Vermont institutions, hunger relief organizations, restaurants, and food retailers are limited in the amount of fresh, whole Vermont produce they can purchase, due to increasing food service labor shortages and the difficulty and cost of working with seasonal, perishable, and irregularly shaped produce. To limit the loss of this market share to out-of-state producers, Vermont processing facilities have begun to sell cut and frozen locally grown vegetables, but issues of capital, infrastructure, logistics, and communication have limited their expansion potential. Collaboration between producers, processors, and buyers, substantial infrastructure investments, and policies to support producer and processor expansion are needed to encourage in-state minimal processing and continue the growing momentum of local purchasing.
Vermont institutions are interested in Vermont produce, but this demand is often misaligned with the quantity, variety, and seasonality of fresh produce (see College and Hospital Procurement brief, School Food Procurement brief). There are a number of logistical barriers to address such as food service labor shortages (resulting in insufficient time and capacity to process vegetables on-site), difficulty in using irregular, perishable produce in a timely manner, inadequate communication between buyers and producers both pre- and post-harvest, and discrepancies between the price producers need to receive for their products and buyers’ budget limitations for purchasing unprocessed produce. Several of these barriers can be overcome with “light processing,” defined here as drying, cutting, and/or freezing vegetables.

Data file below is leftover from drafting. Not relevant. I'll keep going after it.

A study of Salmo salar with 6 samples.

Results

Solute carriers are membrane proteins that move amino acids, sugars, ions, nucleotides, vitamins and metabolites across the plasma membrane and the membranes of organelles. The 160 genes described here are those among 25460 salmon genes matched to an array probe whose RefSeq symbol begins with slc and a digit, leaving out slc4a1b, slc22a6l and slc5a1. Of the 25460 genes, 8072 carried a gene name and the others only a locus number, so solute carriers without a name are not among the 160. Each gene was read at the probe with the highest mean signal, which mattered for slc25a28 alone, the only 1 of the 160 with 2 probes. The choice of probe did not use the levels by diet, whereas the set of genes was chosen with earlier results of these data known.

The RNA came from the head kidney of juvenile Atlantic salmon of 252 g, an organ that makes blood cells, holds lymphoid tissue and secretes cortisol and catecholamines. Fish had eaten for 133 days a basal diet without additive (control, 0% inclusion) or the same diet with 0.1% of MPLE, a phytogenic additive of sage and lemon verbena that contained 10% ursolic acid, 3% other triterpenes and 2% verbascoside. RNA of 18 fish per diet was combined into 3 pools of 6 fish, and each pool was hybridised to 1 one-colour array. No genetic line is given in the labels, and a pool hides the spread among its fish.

In the past several years, at least four Vermont businesses and nonprofits increased their investment in processing facilities, but have struggled to expand to appropriate product volume and staff capacity levels and to create a year-round, profitable business model. Food processing facilities face considerable workforce shortages, high start-up and scale-up costs, and challenges navigating food safety regulations, efficiency of scale, and distribution logistics, all limiting the growth of existing and potential for new processing ventures.
Developing a thriving local processing system requires investment in processing facilities, improved communication and commitment between producers, processors, and buyers, and thoughtful workforce recruitment and retention.